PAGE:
Severe storms damage shelters of 16,000 Ethiopian refugees in Sudan

UNHCR teams are rushing emergency relief to displaced families as further rains are expected



29.06.21. More than 16,000 Ethiopian refugees in Sudan’s eastern refugee settlements of Um Rakuba and Tunaydbah have been impacted after several weeks of storms razed tents, swept away their belongings, and destroyed infrastructure. 

Nearly 4,000 out of 10,000 individual family tents have been damaged by strong winds, heavy rains, and hailstorms. Emergency latrines and other facilities have also been destroyed.

UNHCR and its partners are in a race against time and nature to repair and reinforce shelters and ensure that affected families have access to clean water and safe latrines, with storms expected to intensify further during the rainy season, which continues from June to October.

UK for UNHCR has launched an urgent appeal to help teams on the ground deliver shelter to displaced Ethiopians.

Urgent support is needed to help UNHCR teams replace blankets and sleeping mats for families affected, and replenish food supplies. Distributions of 2,500 emergency shelter kits – ropes, wooden poles, and bamboo sticks – are underway to help those most impacted to reinforce their tents. A total of 10,000 emergency shelters kits are planned for distribution with an additional 5,000 in reserve.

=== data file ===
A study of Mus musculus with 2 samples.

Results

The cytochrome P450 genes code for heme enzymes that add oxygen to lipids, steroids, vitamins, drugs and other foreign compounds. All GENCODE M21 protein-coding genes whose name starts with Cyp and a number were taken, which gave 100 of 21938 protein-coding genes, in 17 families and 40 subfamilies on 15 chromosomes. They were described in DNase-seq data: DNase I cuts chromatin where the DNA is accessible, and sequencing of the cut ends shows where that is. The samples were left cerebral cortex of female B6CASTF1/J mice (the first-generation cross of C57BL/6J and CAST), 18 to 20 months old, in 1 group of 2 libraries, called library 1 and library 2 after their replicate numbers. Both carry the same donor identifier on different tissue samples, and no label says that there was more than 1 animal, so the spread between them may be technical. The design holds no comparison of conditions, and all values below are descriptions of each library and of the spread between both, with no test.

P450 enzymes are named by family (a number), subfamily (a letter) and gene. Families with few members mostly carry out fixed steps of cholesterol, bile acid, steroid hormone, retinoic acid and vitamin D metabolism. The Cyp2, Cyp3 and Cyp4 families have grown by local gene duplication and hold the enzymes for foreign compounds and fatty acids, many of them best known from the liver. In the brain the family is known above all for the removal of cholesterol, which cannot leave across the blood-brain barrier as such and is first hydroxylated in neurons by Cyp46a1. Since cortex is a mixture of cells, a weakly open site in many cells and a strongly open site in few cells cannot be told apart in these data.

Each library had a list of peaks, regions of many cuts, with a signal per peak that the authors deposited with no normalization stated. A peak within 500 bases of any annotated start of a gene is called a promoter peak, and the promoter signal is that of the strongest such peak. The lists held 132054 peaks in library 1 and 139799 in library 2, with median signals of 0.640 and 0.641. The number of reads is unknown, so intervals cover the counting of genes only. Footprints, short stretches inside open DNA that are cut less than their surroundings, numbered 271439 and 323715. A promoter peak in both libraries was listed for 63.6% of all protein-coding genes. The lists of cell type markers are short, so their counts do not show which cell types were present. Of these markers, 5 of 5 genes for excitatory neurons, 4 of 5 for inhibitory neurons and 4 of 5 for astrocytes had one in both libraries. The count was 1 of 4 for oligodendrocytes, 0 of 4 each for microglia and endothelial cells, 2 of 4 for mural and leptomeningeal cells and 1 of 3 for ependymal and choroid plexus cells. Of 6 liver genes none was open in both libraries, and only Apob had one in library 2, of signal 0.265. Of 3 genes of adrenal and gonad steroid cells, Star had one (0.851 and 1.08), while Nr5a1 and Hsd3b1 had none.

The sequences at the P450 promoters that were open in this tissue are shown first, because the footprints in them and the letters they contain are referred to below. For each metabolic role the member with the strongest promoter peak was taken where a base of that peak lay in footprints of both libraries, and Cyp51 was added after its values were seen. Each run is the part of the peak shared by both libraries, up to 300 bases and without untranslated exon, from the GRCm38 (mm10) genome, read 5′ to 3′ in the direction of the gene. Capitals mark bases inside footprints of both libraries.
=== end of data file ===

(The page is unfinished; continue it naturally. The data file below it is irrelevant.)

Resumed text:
UNHCR and partners are currently finalising construction and rehabilitation of some 60 kilometres of roads to both Um Rakuba and Tunaydbah, which is critical to ensure access to the camps as well as to about 15 host community villages throughout the rainy season. Teams are also digging drainage systems in the two sites to mitigate the risks of further flooding; constructing semi-permanent schools; and building permanent latrines and showers. However, accelerating the work is challenging because of continuing storms.

More permanent shelters called tukuls – small round huts made from mud bricks and thatch, typical of the region – are planned. But we can only start building them after the rainy season is over, when the bricks will be able to dry properly.

The sudden onset of extreme weather is dramatically amplifying the risks for people forced to flee conflict and persecution, as the effects of climate change are felt disproportionately by the most vulnerable.

Last year, heavy seasonal rains caused flash floods and rivers to burst their banks, affecting hundreds of thousands of internally displaced people, refugees and host communities in Sudan.

Did you know UNHCR’s work relies on donations? To support relief efforts, please donate today.

For more information about the ongoing crisis in Ethiopia, please visit our Ethiopia country page.